What is a Guarantor and Do You Need One?
A guarantor, also called a co-signer, is someone who is willing to guarantee your lease. The guarantor is responsible for all terms of a lease in its entirety; the guarantee cannot be limited to the interest of a single applicant in a share situation. Some landlords will accept two guarantors while others may only accept one.
If you do not meet the landlords financial or credit requirements (more on financial requirements in another post) a guarantor may be your solution. Students or individuals with no income or credit history, or anyone who does not meet the standard income requirements, will usually need a guarantor. When bad credit is the issue, whether or not a guarantor is allowed will depend on how bad the credit report is, and on how strict the management company or landlord may be. Sometimes a combination of guarantor and extra security is needed.
Who can be a guarantor?
A guarantor does not have to be a relative. Many landlords in New York require a guarantor to live in the Tri-State area: New York, New Jersey, or Connecticut. There are some landlords and management companies, however, that will accept a guarantor from outside this region. New York City is an international city and many landlords are taking this into account. This said no landlord or management company will accept a guarantor who lives in another country.
Prepare your potential guarantor by speaking with them and advising them of what they will be asked for. You might have to act quickly as their cooperation is critical for your approval. A guarantor needs to fill out an application form and provide the required documents.
Required documents for renting an apartment in New York City can seem overwhelming for many guarantors. They may turn around and declare: “We’re not looking to buy the apartment, we merely want to rent one!” However, financial documents will have to be shown, if a home is owned then proof of this will also have to be shown. And redacted information is not allowed. A detailed list is provided in these pages to help you through this process and really, most importantly to help your guarantor understand that if he or she does not provide the necessary documentation it very well can cost you the good find you’re applying for.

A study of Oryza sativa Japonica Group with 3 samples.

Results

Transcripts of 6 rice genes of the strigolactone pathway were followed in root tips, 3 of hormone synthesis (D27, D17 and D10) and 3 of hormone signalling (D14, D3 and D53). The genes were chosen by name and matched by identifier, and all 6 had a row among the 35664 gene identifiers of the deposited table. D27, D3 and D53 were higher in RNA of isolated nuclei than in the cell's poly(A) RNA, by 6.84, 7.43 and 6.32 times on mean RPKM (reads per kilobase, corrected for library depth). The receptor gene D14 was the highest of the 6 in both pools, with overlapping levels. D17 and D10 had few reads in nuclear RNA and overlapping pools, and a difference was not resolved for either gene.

A delay in getting all required guarantor documents to a landlord may cost you the apartment. It is advisable for you to have these documents on-hand when applying for an apartment.
The requirements are usually good credit and double the income requirements of an applicant. If an applicant is required to show an annual income of 40-50 times the monthly rent, a guarantor is required to show an annual income of 80-100 times the monthly rent. Everything is needed in document form by the landlord.
If your guarantor is self-employed then it is necessary for him or her to get a letter from their CPA stating anticipated income for the current year; that he/she has been the guarantor’s CPA for x number of years, stating the position/business the guarantor is in; and stating the guarantor’s financial assets.
I recently worked with a young couple who just graduated from college and who I believed understood the requirements for their chosen guarantor. At the time they went to see their apartments they did not have even half of the information a landlord needed to see. Do not make this mistake. No landlord or management company wants to waste their time and frankly they will resent you if are a drain to their managerial staff.
Be prepared. Have your guarantor’s documents on hand at the time you apply for an apartment. Don’t even try applying if you don’t have everything. Charm does not rent you an apartment – documents do.